4-H is a year-round commitment for Alta. leader

Dorothy Carlson keeps busy both on and off her cattle farm at Cherhill, Alta., volunteering in 4-H and her community.  |  Karen Morrison photo

CHERHILL, Alta. — Dorothy Carlson is certain neighbours know when she is making her sticky cinnamon buns because they drop by her Cherhill, Alta., farm.

She is also well known in her community for her longtime service to 4-H locally and in the district, having served as the president of the regional 4-H council for two terms.

“The guys will tell you I’m never home,” said Carlson.

She and her husband, Mark, have a 400 head commercial cow-calf operation and grow feed on their 11 quarter farm, which once also included 2,000 hogs. Mark’s father, Art Carlson, was one of the founding leaders in the original Cherhill 4-H Beef Club.

Carlson got into 4-H by helping out the Cherhill 4-H Multi Club when her sons, now grown and living in the region, were involved.

“Nicholas was 10 when he joined. Next year, I became leader and I’m still there.”

Long after they had left the club, she carried on as a leader and regional 4-H representative, watching two groups of youth who started at age nine graduate under her tutelage.

“It’s the kids. I enjoy them. I’ll stay on as long as they want me to.”

Carlson praised the program for making “very strong, well minded adults.

“They have a sense of knowing what they want, are not scared to volunteer or help out. They have skills a lot of kids should have.”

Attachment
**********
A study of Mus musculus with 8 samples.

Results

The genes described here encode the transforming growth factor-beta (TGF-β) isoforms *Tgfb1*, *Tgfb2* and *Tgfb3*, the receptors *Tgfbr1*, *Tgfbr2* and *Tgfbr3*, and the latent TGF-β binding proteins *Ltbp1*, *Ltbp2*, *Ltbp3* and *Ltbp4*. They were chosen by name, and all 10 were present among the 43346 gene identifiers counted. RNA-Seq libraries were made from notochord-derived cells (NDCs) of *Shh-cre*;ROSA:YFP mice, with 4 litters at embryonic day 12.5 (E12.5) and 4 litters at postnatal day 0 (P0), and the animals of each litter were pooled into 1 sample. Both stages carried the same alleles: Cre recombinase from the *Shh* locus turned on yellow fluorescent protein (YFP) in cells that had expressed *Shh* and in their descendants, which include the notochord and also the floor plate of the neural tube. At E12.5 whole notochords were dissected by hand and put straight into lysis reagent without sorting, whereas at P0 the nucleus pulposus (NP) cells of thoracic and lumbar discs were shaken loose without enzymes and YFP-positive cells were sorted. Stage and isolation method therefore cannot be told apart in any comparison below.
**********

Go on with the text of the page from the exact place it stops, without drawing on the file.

Carlson recalled her son receiving praise for a presentation at school.

“‘You’ve done this before and it shows’,” she recalled the teacher saying.

Like other leaders, she struggles to retain teen members, a pattern seen in many sports and activities.

“There’s so much sport, jobs in the outside world pulling them away and they see 4-H as so much work,” said Carlson.

She doesn’t think a monthly meeting should be a burden to members, noting how much a club has to offer in teaching life skills while also having fun.

Carlson saw her service on 4-H boards as helping the grassroots program.

“We have to think about what do members want to see,” said Carlson, who hopes to one day take a 4-H livestock judging team to Denver, Colorado.

Beyond 4-H, she enjoys baking and quilting, is active with the local community association hall and has contributed her time to school graduation committees in the past. In October, her thoughts were on planning the Christmas in November craft fair in Cherhill.

For her contributions to 4-H and her community, Carlson was inducted into the Alberta 4-H Hall of Fame in 2015.

Local parent Michelle Haltiner, who regularly helps Carlson with club work, noted her ability to get people motivated.

“Dorothy can get a lot of people to do a lot of things without them knowing they’re actually doing it,” she said.

She credits Carlson for helping turn around her shy son during his time in 4-H.

“He’s now 20 and can talk to anybody anytime,” Haltiner said.

Haltiner said being a general leader is a big job to take on.

“It’s a tough job. I don’t think I’d ever want it,” she said, citing the co-ordination of projects and online registrations.

“Her job as leader never ends, it’s 24 hour a day, sometimes 365 days a year,” said Haltiner, citing summer events that include camps and livestock shows.

“She’s a kind, caring woman who gives a lot of herself to every kid in the club. She does it out of the kindness of her heart because she wants to see every child succeed,” she said.

Haltiner said Carlson makes sure members respect one another and do not ridicule or bully others.

“If Dorothy was not there, the club would not be what it is.”